Thursday 6 June 2013

The manoeuvering of free choice

Nudge, a book by Thaler and Sunstein was a hit when first published in 2008, despite some criticism from people who described it as dull. Its theme is that people can be nudged into making the right decision when attempts at persuasion, compulsion or other forms of pressure might fail.

David Cameron was converted to this notion and created a “NUDGE “ team of strategists charged with changing public behaviour without them noticing.

Their latest finding is that legacy income attracted by charities could double if people were reminded of making a charitable bequest when drawing up a will. Most charities actually do so anyway, and the reason legacy income has fallen may have more to do with concerns about future income, drop in savings rates, fear about the cost of long term care and the need to provide help to children and grandchildren onto their first steps up the housing ladder.

Nudge is not a new concept.  Edward De Bono called his theory: Lateral thinking. Indeed its origins go much further back. Kemal Ataturk, the founder of modern Turkey wanted his country to look westwards. He believed that the covering up of women’s faces by the traditional veil was wrong, so tried initially to ban its use. The clergy objected. Ataturk then decreed that all women of ill repute would be compelled by law to cover up their faces. Overnight respectable women abandoned the veil.

Back to charities. The ones that continue to attract donations and legacies are the ones that have a high level of spontaneous awareness, are known for the essential role they play and the public’s belief that this charity makes a difference. Cancer research and the British Heart foundation do well with legacy bequests because everyone knows someone who has died from one of these dread diseases. They also have a large base of supporters. According to the Target Group Index, Cancer research has 15 million supporters.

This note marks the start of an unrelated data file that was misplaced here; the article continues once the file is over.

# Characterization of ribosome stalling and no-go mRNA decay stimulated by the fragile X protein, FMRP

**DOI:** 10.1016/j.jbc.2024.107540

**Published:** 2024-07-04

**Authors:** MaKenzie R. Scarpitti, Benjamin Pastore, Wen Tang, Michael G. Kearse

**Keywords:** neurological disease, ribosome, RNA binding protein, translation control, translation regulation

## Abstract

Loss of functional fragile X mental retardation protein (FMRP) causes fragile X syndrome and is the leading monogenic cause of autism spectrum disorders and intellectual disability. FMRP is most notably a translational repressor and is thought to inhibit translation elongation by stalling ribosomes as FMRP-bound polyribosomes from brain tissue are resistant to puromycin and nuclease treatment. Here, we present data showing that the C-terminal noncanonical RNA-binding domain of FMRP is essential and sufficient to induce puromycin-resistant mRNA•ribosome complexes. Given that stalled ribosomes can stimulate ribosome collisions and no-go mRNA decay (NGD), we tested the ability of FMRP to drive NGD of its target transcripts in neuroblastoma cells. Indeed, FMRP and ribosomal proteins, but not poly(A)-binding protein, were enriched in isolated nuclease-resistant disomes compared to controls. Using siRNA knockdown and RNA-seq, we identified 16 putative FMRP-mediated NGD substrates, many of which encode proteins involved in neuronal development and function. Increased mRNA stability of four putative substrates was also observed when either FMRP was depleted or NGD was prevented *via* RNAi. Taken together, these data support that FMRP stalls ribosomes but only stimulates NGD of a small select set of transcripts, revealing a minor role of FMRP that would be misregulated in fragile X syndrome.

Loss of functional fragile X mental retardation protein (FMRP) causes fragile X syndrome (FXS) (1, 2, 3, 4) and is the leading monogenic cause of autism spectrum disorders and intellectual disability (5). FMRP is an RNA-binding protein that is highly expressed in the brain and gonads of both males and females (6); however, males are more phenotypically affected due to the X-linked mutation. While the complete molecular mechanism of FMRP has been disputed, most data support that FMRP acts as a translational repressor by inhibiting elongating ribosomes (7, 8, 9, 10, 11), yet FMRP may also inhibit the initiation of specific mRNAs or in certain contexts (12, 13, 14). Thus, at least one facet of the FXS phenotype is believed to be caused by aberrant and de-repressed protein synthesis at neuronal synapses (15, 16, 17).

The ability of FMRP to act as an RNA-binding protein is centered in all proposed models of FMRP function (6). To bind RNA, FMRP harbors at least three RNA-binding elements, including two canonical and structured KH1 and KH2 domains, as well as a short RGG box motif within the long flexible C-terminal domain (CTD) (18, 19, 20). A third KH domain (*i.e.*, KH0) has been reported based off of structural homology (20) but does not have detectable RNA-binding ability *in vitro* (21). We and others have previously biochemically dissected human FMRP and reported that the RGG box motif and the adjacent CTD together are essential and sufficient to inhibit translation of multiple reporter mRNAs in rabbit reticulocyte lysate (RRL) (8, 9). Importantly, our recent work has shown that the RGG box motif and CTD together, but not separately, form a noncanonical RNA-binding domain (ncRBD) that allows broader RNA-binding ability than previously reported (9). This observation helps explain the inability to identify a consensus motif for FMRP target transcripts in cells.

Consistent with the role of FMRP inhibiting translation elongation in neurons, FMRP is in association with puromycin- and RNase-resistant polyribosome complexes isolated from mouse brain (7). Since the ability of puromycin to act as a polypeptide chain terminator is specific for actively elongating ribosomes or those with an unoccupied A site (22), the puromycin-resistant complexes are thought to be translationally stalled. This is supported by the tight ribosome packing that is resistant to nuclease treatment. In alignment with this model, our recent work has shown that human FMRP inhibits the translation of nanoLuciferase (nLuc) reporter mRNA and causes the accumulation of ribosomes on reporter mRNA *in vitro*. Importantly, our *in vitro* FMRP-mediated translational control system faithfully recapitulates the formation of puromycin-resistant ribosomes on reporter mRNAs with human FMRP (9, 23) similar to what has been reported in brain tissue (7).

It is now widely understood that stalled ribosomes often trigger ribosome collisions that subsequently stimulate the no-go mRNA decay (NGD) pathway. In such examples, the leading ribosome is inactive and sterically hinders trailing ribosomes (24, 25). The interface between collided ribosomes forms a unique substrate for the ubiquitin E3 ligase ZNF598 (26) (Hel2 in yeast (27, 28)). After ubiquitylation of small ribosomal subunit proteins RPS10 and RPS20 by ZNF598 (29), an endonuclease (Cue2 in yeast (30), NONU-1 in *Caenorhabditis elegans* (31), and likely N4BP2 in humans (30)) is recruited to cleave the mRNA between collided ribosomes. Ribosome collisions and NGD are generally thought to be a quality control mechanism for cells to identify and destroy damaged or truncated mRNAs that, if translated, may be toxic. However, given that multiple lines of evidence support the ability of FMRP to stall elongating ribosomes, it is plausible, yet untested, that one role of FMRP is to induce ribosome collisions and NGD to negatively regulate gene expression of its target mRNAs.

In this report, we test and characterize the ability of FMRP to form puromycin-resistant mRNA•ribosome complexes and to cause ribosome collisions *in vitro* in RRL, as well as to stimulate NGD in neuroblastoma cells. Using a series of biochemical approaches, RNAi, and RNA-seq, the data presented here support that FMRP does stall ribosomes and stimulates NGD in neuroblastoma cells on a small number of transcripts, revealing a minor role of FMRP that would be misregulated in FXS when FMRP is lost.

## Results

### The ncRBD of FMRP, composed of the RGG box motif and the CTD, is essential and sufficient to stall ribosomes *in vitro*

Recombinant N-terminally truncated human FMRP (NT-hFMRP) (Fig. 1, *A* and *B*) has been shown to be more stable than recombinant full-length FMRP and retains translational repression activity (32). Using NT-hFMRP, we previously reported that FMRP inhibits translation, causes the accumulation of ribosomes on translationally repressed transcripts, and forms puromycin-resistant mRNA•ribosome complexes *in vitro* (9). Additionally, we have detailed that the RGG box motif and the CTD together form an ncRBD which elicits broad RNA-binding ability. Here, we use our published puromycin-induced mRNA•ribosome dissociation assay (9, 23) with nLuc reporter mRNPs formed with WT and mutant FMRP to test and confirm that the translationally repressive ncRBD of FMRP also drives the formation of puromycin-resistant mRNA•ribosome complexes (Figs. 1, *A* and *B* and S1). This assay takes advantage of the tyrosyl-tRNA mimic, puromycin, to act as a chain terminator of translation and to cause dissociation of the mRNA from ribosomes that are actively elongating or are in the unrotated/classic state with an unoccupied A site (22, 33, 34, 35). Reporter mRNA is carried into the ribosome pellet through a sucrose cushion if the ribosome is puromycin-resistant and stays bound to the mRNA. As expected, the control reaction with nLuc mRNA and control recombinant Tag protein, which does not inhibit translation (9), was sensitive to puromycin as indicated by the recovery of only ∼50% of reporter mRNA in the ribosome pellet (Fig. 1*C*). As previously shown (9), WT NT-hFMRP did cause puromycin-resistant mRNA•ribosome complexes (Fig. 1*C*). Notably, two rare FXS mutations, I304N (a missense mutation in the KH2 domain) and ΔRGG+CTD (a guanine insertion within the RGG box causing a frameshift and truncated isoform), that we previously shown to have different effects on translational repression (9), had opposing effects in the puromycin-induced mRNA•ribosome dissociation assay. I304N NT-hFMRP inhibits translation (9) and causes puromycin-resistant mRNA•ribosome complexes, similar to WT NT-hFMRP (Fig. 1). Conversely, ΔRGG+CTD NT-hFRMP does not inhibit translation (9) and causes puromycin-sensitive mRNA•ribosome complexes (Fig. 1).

It follows that this generates a large mailing list, so they have plenty of opportunities to ask donors to remember them when it comes to making a will. Charities spend 65% of their advertising budget on direct mail.

But what can the smaller, less well-known charities do?

The answer is to get known, for the cause and your contribution to alleviating the situation. Advertising investment by charities in 2012 was nearly £ 400 million. Find some rich trustee to provide the money. Raid your reserves. Hold events. Ask advertising experts to help. Develop a clear objective that can be evaluated. If it is to raise money, ask yourself if this is compatible with building positive awareness and creating a larger donor base.

Two charities that attract legacies are The RNLI and the Guide Dogs for the Blind. Research I have seen suggests that potential donors are giving money for the brave life boat men rather than the hapless sailors in trouble and for the beautiful dogs rather than the blind person. It is important to understand what the emotional triggers are.

More than that, find someone to advise you. Someone who cares.